The DNR hoped to get dozens of municipal wastewater treatment plants in the state to test for per- and polyfluoroalkyl substances (PFAS) compounds in their water.
But when the DNR’s 90-day window closed this week, just two had responded with test results for the water contaminant.
That may be due, in part, to contradictory guidance from another group.
PFAS, a group of manmade compounds, may be linked to health risks.
In July, the DNR sent a letter to 125 wastewater treatment plants in the state, asking them to test for PFAS in their water.
In an interview earlier this month, Wastewater Section Chief Jason Knutson said the voluntary test would help the DNR learn the extent of the issue.
“We are working very hard to develop standards and also take these interim actions to scope the extent of contamination, prioritize our efforts where we can get the biggest bang for our buck in terms of protection of human health,” he said.
But Marinette and Peshtigo were the only plants that responded during the 90-day request timeline, according to DNR Water Quality Director Adrian Stocks.
Also this month, a state coalition recommended cities not bother with testing.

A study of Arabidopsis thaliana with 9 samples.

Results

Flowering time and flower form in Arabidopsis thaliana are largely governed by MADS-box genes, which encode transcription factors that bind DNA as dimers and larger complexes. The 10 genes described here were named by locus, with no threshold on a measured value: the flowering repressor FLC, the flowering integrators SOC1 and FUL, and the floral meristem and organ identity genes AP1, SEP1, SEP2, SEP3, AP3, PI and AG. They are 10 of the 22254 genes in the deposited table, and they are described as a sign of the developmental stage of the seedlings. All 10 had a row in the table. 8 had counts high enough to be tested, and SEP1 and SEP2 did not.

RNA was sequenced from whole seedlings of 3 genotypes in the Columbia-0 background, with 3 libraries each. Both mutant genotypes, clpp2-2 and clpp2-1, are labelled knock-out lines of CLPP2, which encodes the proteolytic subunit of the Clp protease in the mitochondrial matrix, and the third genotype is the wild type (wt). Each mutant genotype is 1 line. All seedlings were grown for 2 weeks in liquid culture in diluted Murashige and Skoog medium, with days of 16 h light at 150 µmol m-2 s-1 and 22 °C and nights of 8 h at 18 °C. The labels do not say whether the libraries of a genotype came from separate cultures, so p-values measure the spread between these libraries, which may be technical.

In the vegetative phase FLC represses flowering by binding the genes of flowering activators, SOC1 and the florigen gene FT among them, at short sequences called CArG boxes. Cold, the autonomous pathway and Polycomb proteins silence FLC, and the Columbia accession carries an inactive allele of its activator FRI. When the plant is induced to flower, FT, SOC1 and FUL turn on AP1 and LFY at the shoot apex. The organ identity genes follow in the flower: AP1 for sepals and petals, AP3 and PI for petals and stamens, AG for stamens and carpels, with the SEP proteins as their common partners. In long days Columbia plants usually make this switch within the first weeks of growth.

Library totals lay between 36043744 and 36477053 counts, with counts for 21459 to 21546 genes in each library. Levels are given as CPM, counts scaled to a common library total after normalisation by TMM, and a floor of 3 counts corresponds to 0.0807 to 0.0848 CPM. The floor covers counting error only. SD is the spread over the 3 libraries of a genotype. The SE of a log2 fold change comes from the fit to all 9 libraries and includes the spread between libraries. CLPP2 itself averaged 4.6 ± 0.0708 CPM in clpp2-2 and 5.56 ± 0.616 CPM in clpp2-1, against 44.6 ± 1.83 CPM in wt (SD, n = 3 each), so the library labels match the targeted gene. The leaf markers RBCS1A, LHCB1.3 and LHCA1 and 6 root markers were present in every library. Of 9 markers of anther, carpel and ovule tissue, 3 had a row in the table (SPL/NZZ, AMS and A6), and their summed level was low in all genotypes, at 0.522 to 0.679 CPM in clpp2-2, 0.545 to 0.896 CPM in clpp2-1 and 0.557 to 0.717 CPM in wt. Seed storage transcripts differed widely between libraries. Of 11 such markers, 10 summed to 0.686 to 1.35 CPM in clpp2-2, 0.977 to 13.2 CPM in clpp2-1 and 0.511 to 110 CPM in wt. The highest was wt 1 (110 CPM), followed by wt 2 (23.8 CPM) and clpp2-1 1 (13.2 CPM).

“I think it will be quicker, kind of jump over the initial step that the [DNR] was recommending of testing and go right to the potentially known or likely sources,” said Curt Witynski, the Deputy Director of the League of Wisconsin Municipalities (LWM).
The group is concerned PFAS testing protocols haven’t been finalized, and a test of elevated levels in a city’s wastewater treatment plant could set off unfounded public fear.
The LWM and its partners instead want to work directly with industries potentially emitting PFAS compounds and encourage them to find alternatives.
“Communicate with them and ultimately, hopefully, develop some kind of plan of action to substitute out any material they’re using, let’s say, in their manufacturing process that might have PFAS in it, or maybe treating it before it enters into our wastewater plant themselves,” Witynski said.
The plan depends on voluntary cooperation from industries. Witynski hopes industries will see value in controlling PFAS, even though there are no state or federal regulations that are currently enforceable.
“They know that eventually they’ll be subject to regulations, and there’s some advantage to getting out in front of that. Plus, they just they just want to have goodwill.”
Wisconsin has only recommendations, not formal regulations on PFAS.
But on Wednesday, the state Natural Resources Board voted unanimously to move forward with PFAS rulemaking on groundwater, surface water, and public drinking water.
Permanent rulemaking could start in 2020.